What We Earn
Income influences health at every income level. It may come as little surprise that the wealthiest people in American are healthier than the poorest. They are also healthier than the middle-class.
People with less incomes have shorter lives, poorer self-reported physical and emotional health, and more chronic disease than their high-income counterparts. For example, of people in America reporting being in poor or fair health: 23 percent had annual incomes below $35,000, with 9 percent who earned $50,000–$75,000 and just 6 percent earning more than $100,000.
People with less income and wealth are less able to pay for health care or health insurance. They are also less likely to afford an education, healthy lifestyles, or to live in safe and healthy neighborhoods. Economic hardship makes people more vulnerable to diseases and to the harmful biological effects of stress.
What We Learn
People in America with higher education levels have longer lifespans and suffer from fewer chronic diseases. For example, male college graduates in 2008 can expect to live 14 years longer than males without a high school diploma; females in this same comparison can expect to live more than 10 years longer.
Education is linked to financial, social, psychological, and cognitive benefits that promote better health. In fact, these links appear to be growing stronger over time: The life expectancy of whites with less than 12 years of school has decreased since 1990 even as it increased for other people.
The education-link cuts across race, ethnicity, and gender, and is so strong that educational attainment may be more important for health outcomes than quality health care. For example, one study found that Kaiser Permanente health plan members with less schooling have lower self-reported health levels and higher diabetes mortality rates, even though all members have the same access to care.
Where We Work
For millions of people, a steady job in safe working conditions can provide the income, benefits, and stability necessary for good health. On the flip side, job loss and unemployment is associated with a variety of negative health effects. For example, laid-off workers are 54 percent more likely than those continuously employed to report fair or poor health, and are 83 percent more likely to develop a stress-related condition such as stroke or heart disease.
When it comes to promoting health, not all employment is equal. Health insurance is more likely to be offered to employees earning higher salaries. Some employers offer workplace wellness programs, which studies show save employers an average of $6 for every dollar invested.
Our nation has worked over the past few years to improve health primarily through improving the health care system, focusing less on other critical factors that impact health, such as early childhood development, education, housing, jobs, and the built environment.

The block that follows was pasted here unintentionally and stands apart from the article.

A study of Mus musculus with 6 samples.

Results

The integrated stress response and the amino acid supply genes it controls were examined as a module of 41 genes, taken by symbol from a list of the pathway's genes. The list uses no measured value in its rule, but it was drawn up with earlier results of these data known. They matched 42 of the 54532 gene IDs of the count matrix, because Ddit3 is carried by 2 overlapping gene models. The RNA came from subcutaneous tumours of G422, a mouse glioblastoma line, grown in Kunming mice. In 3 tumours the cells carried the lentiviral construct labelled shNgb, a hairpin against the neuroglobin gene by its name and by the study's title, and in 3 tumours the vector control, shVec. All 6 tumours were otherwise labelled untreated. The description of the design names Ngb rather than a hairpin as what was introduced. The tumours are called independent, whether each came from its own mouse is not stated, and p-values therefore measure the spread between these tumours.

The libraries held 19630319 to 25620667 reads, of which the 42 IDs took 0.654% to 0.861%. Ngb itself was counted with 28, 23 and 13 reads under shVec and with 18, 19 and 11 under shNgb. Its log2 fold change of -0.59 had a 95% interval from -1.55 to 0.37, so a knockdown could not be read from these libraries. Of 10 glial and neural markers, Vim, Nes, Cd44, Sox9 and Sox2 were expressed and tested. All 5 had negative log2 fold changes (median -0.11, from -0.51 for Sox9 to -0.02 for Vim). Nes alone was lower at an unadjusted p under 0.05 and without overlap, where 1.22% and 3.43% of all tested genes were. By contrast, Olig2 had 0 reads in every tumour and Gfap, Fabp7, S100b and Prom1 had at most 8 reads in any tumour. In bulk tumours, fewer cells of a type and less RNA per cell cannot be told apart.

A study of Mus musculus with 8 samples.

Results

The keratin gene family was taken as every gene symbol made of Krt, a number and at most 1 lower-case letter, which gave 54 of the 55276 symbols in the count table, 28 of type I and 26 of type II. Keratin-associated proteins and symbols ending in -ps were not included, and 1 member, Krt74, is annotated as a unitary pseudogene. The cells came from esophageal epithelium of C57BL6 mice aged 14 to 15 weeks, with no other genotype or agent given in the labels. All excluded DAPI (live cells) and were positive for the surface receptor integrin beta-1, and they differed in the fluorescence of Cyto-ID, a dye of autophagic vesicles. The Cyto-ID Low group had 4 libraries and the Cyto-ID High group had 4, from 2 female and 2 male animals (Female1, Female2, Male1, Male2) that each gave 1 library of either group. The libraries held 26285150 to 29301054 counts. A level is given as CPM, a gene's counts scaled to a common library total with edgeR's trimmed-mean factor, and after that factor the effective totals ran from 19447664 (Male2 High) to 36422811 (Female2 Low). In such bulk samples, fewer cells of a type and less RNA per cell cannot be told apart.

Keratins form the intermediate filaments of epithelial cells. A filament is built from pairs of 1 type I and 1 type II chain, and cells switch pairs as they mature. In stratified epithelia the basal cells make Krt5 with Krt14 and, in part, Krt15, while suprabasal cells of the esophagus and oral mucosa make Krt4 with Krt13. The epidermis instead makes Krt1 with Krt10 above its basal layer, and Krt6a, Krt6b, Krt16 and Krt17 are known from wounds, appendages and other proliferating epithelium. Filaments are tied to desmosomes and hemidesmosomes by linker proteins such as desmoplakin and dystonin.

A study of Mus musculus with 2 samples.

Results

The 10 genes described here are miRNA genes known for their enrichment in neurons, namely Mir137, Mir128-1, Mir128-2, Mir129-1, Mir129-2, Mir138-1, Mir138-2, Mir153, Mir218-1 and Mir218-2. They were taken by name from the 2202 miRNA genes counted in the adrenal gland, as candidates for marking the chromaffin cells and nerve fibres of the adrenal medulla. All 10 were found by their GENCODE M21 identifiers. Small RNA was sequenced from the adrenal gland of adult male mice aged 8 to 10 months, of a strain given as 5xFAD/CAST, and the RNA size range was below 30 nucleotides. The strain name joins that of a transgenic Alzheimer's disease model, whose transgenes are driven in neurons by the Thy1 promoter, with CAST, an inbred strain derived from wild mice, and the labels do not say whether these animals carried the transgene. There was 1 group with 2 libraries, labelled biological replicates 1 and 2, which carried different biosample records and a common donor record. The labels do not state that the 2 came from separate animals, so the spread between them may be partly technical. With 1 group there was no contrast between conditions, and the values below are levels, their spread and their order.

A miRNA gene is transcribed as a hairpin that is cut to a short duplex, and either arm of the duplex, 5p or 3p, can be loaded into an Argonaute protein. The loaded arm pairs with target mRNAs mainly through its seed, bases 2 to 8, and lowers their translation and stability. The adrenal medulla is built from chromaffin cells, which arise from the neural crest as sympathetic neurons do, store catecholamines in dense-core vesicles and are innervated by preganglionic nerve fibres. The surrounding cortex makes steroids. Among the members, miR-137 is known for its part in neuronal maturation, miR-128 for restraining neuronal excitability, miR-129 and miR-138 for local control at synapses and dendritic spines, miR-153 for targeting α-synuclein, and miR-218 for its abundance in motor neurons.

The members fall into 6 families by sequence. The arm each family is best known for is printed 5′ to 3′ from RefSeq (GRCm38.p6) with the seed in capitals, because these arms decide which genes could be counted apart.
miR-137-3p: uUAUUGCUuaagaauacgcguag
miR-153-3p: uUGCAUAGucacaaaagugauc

There is no doubt that a quality health care system remains critically important. Everybody, regardless of socioeconomic status, will at some point require health care. This is especially true of children and the elderly, who have the most to gain from a reliable health care system. Furthermore, more efficient and transparent health care spending will result in a system that serves the population more effectively, while allowing for people to be educated about where their health care dollars are being spent.
But a more efficient and transparent health care system is only one piece of the puzzle. That’s why the Robert Wood Johnson Foundation is promoting a Culture of Health, which means creating a society where every person has the equal opportunity to live the healthiest life they can, whatever their ethnic, geographic, racial, socioeconomic, or physical circumstance.
Everyone has a role to play in building a Culture of Health, and success will require working within and across all sectors of society. RWJF is partnering with communities, policymakers, businesses, and others willing to find ways to build a Culture of Health for America. The RWJF County Health Rankings & Roadmaps’ What Works for Health helps communities bring together people from a variety of sectors to look at the many factors that influence health and learn from one another about strategies that will have lasting impact (e.g., policies, programs, systems & environmental changes).
We have developed a Culture of Health Action Framework with the RAND Corporation and with input from partners, experts, and colleagues across the country. The Framework describes the fundamental components to improving population health and motivating cultural change.
With the Action Framework as a compass, we will work with others to advance efforts to improve health nationwide and measure our success.